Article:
Publisher's note: This volume of Liz Partrick's "Disappearing South" will be the first of many here in the pages of BCN. Liz is an old friend of mine, yet not quite as old, and certainly more youthful in vigor than this curmudgeon, yet, alas, she has asked me to collaborate with her in presenting her fine pictorial by scribbling the bit of text that you may read here.
To be honest, I may be having almost as much fun in my part as Liz did taking the photos. I just bet we will hear from Liz at some point beyond the communication of her message via lens.
Homes are many things to many people: the repository of memories good and bad; the shelter that sustains us, shields us when we are laid bare; it is indeed a component at the core of our very being. The stories told within these many walls are numerous, frivolous, poignant and incredible. It is not only the story of the crumbling frame structures, but the lives that those structures nurtured over their many years of service.
And, no where else in the South, actually anywhere in our relatively young nation, can we find a better symbol of our diminishing and disappearing past than the crumbling home, spread far from the core of towns and cities ... Or, can we find them there too?
Regardless, our pictorial treatise in this inaugural volume deals exclusively with rural North Carolina - from the eastern Piedmont to the Outer Banks. This is Volume I; there will be more.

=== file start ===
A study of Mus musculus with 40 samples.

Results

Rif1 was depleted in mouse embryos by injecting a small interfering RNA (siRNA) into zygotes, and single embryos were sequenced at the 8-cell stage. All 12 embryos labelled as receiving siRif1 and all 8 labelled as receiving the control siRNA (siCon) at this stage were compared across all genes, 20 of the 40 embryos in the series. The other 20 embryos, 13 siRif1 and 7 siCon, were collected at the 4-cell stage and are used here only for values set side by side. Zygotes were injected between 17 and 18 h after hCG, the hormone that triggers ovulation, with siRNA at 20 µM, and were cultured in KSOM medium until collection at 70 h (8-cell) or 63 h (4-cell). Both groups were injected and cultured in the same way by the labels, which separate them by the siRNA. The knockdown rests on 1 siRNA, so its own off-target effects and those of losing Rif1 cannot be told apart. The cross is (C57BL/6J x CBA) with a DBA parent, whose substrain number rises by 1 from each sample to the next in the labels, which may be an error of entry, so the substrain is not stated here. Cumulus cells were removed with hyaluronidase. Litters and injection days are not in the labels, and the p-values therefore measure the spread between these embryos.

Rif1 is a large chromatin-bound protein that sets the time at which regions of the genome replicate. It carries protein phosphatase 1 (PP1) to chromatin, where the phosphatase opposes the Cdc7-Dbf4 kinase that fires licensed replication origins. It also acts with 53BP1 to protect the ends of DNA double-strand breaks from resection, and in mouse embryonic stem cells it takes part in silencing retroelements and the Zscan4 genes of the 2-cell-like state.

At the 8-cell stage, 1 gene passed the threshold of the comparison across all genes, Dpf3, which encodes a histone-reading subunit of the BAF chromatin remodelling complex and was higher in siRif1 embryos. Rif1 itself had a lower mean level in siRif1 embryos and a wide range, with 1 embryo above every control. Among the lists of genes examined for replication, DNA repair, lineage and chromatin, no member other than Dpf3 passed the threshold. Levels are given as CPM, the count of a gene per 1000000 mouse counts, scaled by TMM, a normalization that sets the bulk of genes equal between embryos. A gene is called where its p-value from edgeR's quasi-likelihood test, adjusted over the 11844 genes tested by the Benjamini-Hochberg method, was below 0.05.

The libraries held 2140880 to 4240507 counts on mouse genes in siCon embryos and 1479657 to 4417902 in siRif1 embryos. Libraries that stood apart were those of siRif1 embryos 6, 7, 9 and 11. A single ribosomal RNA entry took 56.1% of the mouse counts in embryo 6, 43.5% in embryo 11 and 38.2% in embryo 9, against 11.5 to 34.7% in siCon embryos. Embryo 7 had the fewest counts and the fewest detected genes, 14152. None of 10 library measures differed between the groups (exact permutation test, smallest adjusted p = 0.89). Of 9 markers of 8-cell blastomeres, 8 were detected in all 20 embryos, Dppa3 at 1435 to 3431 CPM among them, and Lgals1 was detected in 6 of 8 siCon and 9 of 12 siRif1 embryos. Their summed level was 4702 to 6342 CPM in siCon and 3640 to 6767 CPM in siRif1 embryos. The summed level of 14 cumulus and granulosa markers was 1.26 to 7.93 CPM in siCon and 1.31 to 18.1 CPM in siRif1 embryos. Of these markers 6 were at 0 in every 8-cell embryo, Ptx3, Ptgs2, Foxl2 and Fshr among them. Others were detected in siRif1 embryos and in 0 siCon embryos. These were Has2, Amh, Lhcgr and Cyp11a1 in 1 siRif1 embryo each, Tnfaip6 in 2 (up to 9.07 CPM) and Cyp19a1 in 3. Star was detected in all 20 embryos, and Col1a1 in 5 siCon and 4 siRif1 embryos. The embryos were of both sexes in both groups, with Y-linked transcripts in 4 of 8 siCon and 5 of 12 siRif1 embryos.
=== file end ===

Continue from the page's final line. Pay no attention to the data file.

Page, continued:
Beaufort County, split by the Pamlico River, and bound by the Pungo River to the northeast is one of the rare geographical jewels of northeastern North Carolina. The water, the fauna and the flora combine as a co-dependent entity of ocular splendor. One needs to only find the time to experience it.
From the Jewel of North Carolina's northeast to a more sparkling jewel in central east North Carolina - Cape Lookout, Carteret County - offers a unique portal to the outer banks, Core Banks.
From the Piedmont back to the Coastal Plain, houses once loved are falling into near irrevocable disrepair.
Eastern North Carolina never knew the way of the large plantations, so few Antebellum homes exist in any state of repair here Downeast, but much history remains, and it is written in these homes.
The theme of the degradation of The South, by the symbolic and most essential loss of structures, of all architectural classes, is a plight that is as generational in its devolution as it was generational in its evolution, which in turn made The South part of what it is today, and part of what it will never be again. Life struggles on, and The South will endure, but only as a faint picture of what it was, and what it will never be again.
Publisher's note: All images in this publication were taken by Liz Partrick, text by Stan Deatherage.